THE BLOG
05/01/2014 05:28 pm ET | Updated Jul 01, 2014

Domestic Violence, Part 2

For part one, click here.

Why do people stay in a relationship where there is domestic violence?

There are many answers to these questions. This is a very complicated issue. We must realize each couple is working out their own individual issues, as well as their own couple issues. Therefore, each situation must be looked at with fresh eyes, along with causes and solutions specifically designed for that relationship. With that being said, I will give some general concepts that might help you understand what keeps people in these battering relationships.

There's a concept called "learned helplessness" that seems to be part of the battering relationship picture. I will describe a story to help you understand what I mean by "learned helplessness."

If I took a dog and placed him on an electrical grid, and I then gave the dog a shock, the dog would jump off. If I put a cage around this grid, and then put the dog inside the cage, the dog would not be able to jump off the grid when I gave it an electrical shock. After a while, the dog will just stand there and take the shock. The dog would have learned that it could not get free: It had to stay on the grid and endure the pain of the electrical shock. This is called "learned helplessness." Now that the dog has learned this, I can remove the cage, and give the dog a shock, and he will no longer jump off the grid. The dog will just stand there enduring the electrical shock. I would then have to drag the dog off the grid many times in order for the dog to realize that he was free to jump off the grid when he felt an electrical shock.

People who are caught in a battering relationship often have this "learned helplessness" behavior trait. The batterer has threatened the injured many times stating s/he will kill the injured, kill their child, kill their parents, make slanderous phone calls to the injured's boss, or do something that is frightening and/or horrifying. These threats are taken seriously. The injured believes the batterer could and would do what they say. Batterers, because of their charismatic personalities, are seen as omnipotent. The batterer has shown up in places that they were not supposed to be, and they knew things they had no way of knowing. The batterer seems bigger than life, and if they say they will do something, they are believed. In order to avoid these horrifying events (the electrical shock), the injured does not move. The injured stays and endures the pain. The injured truly believes there is no way out, and there is no safe place to go. This is often very difficult for the injured's family and friends to understand. The injured's loved ones often get caught in the battering relationship's up and down, emotional roller coaster during the battering, and right after the battering when the injured is saying, "I hate him/her! I'm getting out of this relationship. Help me!" It can also be very frustrating for some therapist who are working with the injured, and for the police who arrest a batterer, only to have the injured drop the charges the following day.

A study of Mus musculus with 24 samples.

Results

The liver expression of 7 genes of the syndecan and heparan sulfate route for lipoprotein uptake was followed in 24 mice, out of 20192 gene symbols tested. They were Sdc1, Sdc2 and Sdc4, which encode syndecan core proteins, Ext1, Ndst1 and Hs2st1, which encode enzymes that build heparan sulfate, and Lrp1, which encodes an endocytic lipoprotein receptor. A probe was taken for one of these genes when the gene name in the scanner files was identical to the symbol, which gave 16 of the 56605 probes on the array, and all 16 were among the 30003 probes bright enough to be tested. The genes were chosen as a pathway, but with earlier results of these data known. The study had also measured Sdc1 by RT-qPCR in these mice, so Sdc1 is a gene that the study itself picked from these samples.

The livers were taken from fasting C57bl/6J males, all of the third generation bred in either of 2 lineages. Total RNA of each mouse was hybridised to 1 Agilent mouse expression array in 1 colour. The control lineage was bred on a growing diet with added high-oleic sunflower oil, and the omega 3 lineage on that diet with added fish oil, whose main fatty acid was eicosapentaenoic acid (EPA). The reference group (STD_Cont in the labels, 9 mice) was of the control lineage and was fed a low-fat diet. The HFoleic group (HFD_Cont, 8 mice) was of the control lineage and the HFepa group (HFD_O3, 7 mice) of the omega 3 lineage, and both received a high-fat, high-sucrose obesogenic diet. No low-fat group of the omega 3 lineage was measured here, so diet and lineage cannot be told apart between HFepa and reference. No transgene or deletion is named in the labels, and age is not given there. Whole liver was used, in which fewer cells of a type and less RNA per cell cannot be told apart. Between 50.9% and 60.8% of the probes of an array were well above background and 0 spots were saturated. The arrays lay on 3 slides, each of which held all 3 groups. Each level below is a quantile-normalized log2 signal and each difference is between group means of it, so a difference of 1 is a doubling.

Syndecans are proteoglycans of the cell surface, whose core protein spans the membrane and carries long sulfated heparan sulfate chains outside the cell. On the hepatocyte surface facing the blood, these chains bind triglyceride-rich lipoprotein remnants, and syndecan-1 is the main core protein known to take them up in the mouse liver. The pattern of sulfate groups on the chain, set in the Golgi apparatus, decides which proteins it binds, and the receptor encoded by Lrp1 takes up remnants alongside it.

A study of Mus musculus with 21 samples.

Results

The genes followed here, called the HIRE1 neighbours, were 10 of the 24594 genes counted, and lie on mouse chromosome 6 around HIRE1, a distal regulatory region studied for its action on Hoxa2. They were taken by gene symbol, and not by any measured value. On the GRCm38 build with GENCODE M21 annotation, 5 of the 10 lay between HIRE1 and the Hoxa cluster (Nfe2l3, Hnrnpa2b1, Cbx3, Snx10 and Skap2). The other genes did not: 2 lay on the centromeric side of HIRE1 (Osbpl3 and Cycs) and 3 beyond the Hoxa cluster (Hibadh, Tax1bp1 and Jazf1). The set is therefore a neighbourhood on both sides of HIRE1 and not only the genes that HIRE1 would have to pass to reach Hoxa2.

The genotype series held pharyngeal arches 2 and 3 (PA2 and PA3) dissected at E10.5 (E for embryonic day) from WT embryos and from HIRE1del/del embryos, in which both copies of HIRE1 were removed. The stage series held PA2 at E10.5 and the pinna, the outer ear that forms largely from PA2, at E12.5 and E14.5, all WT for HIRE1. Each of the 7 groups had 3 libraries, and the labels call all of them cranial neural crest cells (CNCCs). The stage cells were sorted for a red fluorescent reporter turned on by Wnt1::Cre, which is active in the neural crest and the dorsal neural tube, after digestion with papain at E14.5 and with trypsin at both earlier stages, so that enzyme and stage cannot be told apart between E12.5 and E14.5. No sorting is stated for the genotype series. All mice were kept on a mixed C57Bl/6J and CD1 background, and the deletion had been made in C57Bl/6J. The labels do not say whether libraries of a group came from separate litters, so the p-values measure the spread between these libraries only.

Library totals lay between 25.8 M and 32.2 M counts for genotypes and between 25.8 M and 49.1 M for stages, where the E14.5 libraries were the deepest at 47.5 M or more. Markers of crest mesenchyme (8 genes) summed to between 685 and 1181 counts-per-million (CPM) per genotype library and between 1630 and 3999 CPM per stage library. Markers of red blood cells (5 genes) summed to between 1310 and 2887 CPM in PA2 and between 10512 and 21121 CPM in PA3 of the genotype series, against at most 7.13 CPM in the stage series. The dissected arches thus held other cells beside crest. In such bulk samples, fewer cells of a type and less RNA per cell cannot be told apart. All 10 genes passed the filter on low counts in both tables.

There is another concept called "codependency" that is also found in battering relationships. Basically, codependency means: "I see what is wrong with you and I know how to fix you. I will make you better, or heal you, or bring out your potential. No one understands you like I do. I know all that you need is a little love, my love, and you will blossom and grow into who you truly are." What is amazing about the codependency concept is that both the batterer and the injured are saying this about each other. Thus, a deeply, entwined, symbiotic relationship develops. The honeymoon phase reinforces this type of self-talk.

Another concept that keeps people in battering relationships is called "love." "I love him/her and s/he loves me. I can't leave someone I love. You really don't know him/her like I do. If you did, you would see why I love him/her. S/he is my soul mate." The injured will also create many excuses in order to protect the batterer. "S/he was just tired. S/he was under a lot of pressure at work. S/he just drank too much." This is often difficult for those on the outside to understand. "How can you love someone who beats you?" The answer often is, "I just do. S/he didn't mean to do it. Besides, it really was my fault. I made him/her do it." Again, it's the person the injured experiences during the honeymoon phase that they love.

Money is another major reason why people stay in battering relationships. The injured is afraid that they will not be able to provide for themselves and their loved ones if they leave the batterer. Even though this is rarely true, because of the level of dependency and codependency that has been created within a battering relationship, it's believed to be true.

So, what do you do if you find yourself in a battering relationship?

Need help? In the U.S., call 1-800-799-SAFE (7233) for the National Domestic Violence Hotline.